A Digger's Tale

'My oath!' the Duchess sez. 'You'd not ixpect
  Sich things as that. Yeh don't mean kangaroos?
Go hon!' she sez, or words to that effect --
  (It's 'ard to imitate the speech they use)
I tells 'er, 'Straight; I drives 'em four-in-'and
'Ome in my land.'

'You 'ear a lot,' sez little Digger Smith,
  'About 'ow English swells is so stand-off.
Don't yeh believe it; it's a silly myth.
  I've been reel cobbers with the British toff
While I'm on leaf; for Blighty likes our crowd,
An' done us proud.

'Us Aussies was the goods in London town
  When I was there. If they jist twigged your 'at
The Dooks would ask yeh could yeh keep one down,
  An' Earls would 'ang out 'Welcome' on the mat,
An' sling yeh invites to their stately 'alls
For fancy balls.

'This Duchess -- I ain't quite sure uv 'er rank;
  She might 'ave been a Peeress. I dunno.
I meets 'er 'usband first. 'E owns a bank,
  I 'eard, an' 'arf a dozen mints or so.
A dinkum toff. 'E sez, 'Come 'ome with me
An' 'ave some tea.'

'That's 'ow I met this Duchess Wot's-'er-name --
  Or Countess -- never mind 'er moniker;
I ain't no 'and at this 'ere title game --
  An' right away, I was reel pals with 'er.
'Now, tell me all about yer 'ome,' sez she,
An' smiles at me.

'That knocks me out. I know it ain't no good
  Paintin' word-picters uv the things I done
Out 'ome 'ere, barrackin' for Collin'wood,
  Or puntin' on the flat at Flemin'ton.
I know this Baroness uv Wot-yeh-call
Wants somethin' tall.

'I thinks reel 'ard; an' then I lets it go.
  I tell 'er, out at Richmond, on me Run --
A little place uv ten square mile or so --
  I'm breedin' boomerangs; which is reel fun,
When I ain't troubled by the wild Jonops
That eats me crops.

'I talks about the wondrous Boshter Bird
  That builds 'er nest up in the Cobber Tree,
An' 'atches out 'er young on May the third,
  Stric' to the minute, jist at 'arf past three.
'Er eyes get big. She sez, 'Can it be true?'
'Er eyes was blue.

'An' then I speaks uv sport, an' tells 'er 'ow
  In 'untin' our wild Wowsers we imploy
Large packs uv Barrackers, an' 'ow their row
  Wakes echoes in the forests uv Fitzroy,
Where lurks the deadly Shicker Snake 'oo's breath
Is certain death.

'I'm goin' on to talk of kangaroos,
  An' 'ow I used to drive 'em four-in-'and.
'Wot?' sez the Marchioness. 'Them things in zoos
  That 'ops about? I've seen then in the Strand
In double 'arness; but I ain't seen four.
Tell me some more.'

I baulks a bit at that; an' she sez, ''Well,
  There ain't no cause at all for you to feel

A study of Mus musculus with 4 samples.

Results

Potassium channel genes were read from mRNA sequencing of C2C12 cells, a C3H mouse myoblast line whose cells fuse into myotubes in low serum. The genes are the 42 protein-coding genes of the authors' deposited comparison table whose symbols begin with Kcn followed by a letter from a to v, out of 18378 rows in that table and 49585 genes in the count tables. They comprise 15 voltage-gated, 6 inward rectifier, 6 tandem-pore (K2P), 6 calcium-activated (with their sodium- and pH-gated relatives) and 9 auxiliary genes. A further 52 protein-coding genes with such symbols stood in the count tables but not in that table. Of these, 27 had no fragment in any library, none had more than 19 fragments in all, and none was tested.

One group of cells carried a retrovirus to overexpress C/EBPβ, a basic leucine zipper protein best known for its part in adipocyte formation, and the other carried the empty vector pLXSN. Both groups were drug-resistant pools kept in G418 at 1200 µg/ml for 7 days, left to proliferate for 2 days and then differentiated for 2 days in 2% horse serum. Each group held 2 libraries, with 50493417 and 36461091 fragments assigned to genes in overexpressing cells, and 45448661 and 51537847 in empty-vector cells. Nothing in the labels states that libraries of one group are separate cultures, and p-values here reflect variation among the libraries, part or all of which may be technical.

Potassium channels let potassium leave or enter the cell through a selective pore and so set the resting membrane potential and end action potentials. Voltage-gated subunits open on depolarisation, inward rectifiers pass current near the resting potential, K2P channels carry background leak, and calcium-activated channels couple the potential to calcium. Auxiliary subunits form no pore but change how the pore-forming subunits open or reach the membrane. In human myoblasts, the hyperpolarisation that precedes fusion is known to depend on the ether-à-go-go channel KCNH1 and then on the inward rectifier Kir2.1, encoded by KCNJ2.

Modest about the things you 'ave to tell;
  An' wot you says wonderfully reel.
Your talk' - an' 'ere I seen 'er eyelids flick --
'Makes me 'omesick'.

'I reckerlect,' she sez -- 'Now let me see --
  In Gippsland, long ago, when I was young,
I 'ad a little pet Corroboree,'
  (I sits up in me chair like I was stung.)
'On it's 'ind legs,' she sez, 'it used to stand.
Fed from me 'and.'

'Uv cours, I threw me alley in right there.
  This Princess was a dinkum Aussie girl.
I can't do nothin' else but sit an' stare,
  Thinkin' so rapid that me 'air roots curl.
But 'er? She sez, 'I ain't 'eard talk so good
Since my childhood.

''I wish,' sez she, 'I could be back again
  Beneath the wattle an' that great blue sky.
It's like a breath uv 'ome to meet you men.
  You've done reel well,' she sez. 'Don't you be shy.
When yer in Blighty once again,' sez she,
'Come an' see me.'

'I don't see 'er no more; 'cos I stopped one.
  But, 'fore I sails, I gits a billy doo
Which sez, 'Give my love to the dear ole Sun,
  An' take an exile's blessin' 'ome with you.
An' if you 'ave some boomerangs to spare,
Save me a pair.

''I'd like to see 'em play about,' she wrote,
  'Out on me lawn, an' stroke their pretty fur.
God bless yeh, boy.' An' then she ends 'er note,
  'Yer dinkum cobber,' an' 'er moniker.
A sport? You bet! She's marri'd to an Earl --
An Aussie girl.'

Rate this poem:(0.00 / 0 votes)


Find a translation for this poem in other languages:

Select another language:

  • - Select -
  • Chinese - Simplified 简体中文 (Chinese - Simplified)
  • Chinese - Traditional 繁體中文 (Chinese - Traditional)
  • Spanish Español (Spanish)
  • Esperanto Esperanto (Esperanto)
  • Japanese 日本語 (Japanese)
  • Portuguese Português (Portuguese)
  • German Deutsch (German)
  • Arabic العربية (Arabic)
  • French Français (French)
  • Russian Русский (Russian)
  • Kannada ಕನ್ನಡ (Kannada)
  • Korean 한국어 (Korean)
  • Hebrew עברית (Hebrew)
  • Ukrainian Український (Ukrainian)
  • Urdu اردو (Urdu)
  • Hungarian Magyar (Hungarian)
  • Hindi मानक हिन्दी (Hindi)
  • Indonesian Indonesia (Indonesian)
  • Italian Italiano (Italian)
  • Tamil தமிழ் (Tamil)
  • Turkish Türkçe (Turkish)
  • Telugu తెలుగు (Telugu)
  • Thai ภาษาไทย (Thai)
  • Vietnamese Tiếng Việt (Vietnamese)
  • Czech Čeština (Czech)
  • Polish Polski (Polish)
  • Indonesian Bahasa Indonesia (Indonesian)
  • Romanian Românește (Romanian)
  • Dutch Nederlands (Dutch)
  • Greek Ελληνικά (Greek)
  • Latin Latinum (Latin)
  • Swedish Svenska (Swedish)
  • Danish Dansk (Danish)
  • Finnish Suomi (Finnish)
  • Persian فارسی (Persian)
  • Yiddish ייִדיש (Yiddish)
  • Armenian հայերեն (Armenian)
  • Norwegian Norsk (Norwegian)
  • English English (English)

Discuss this Clarence Michael James Stanislaus Dennis poem with the community:


Use the citation below to add this poem to your bibliography:


"A Digger's Tale" Poetry.net. STANDS4 LLC, 2019. Web. 13 Dec. 2019. <https://www.poetry.net/poem/6128/a-digger's-tale>.

We need you!

Help us build the largest poetry community and poems collection on the web!

Our favorite collection of

Famous Poets


Thanks for your vote! We truly appreciate your support.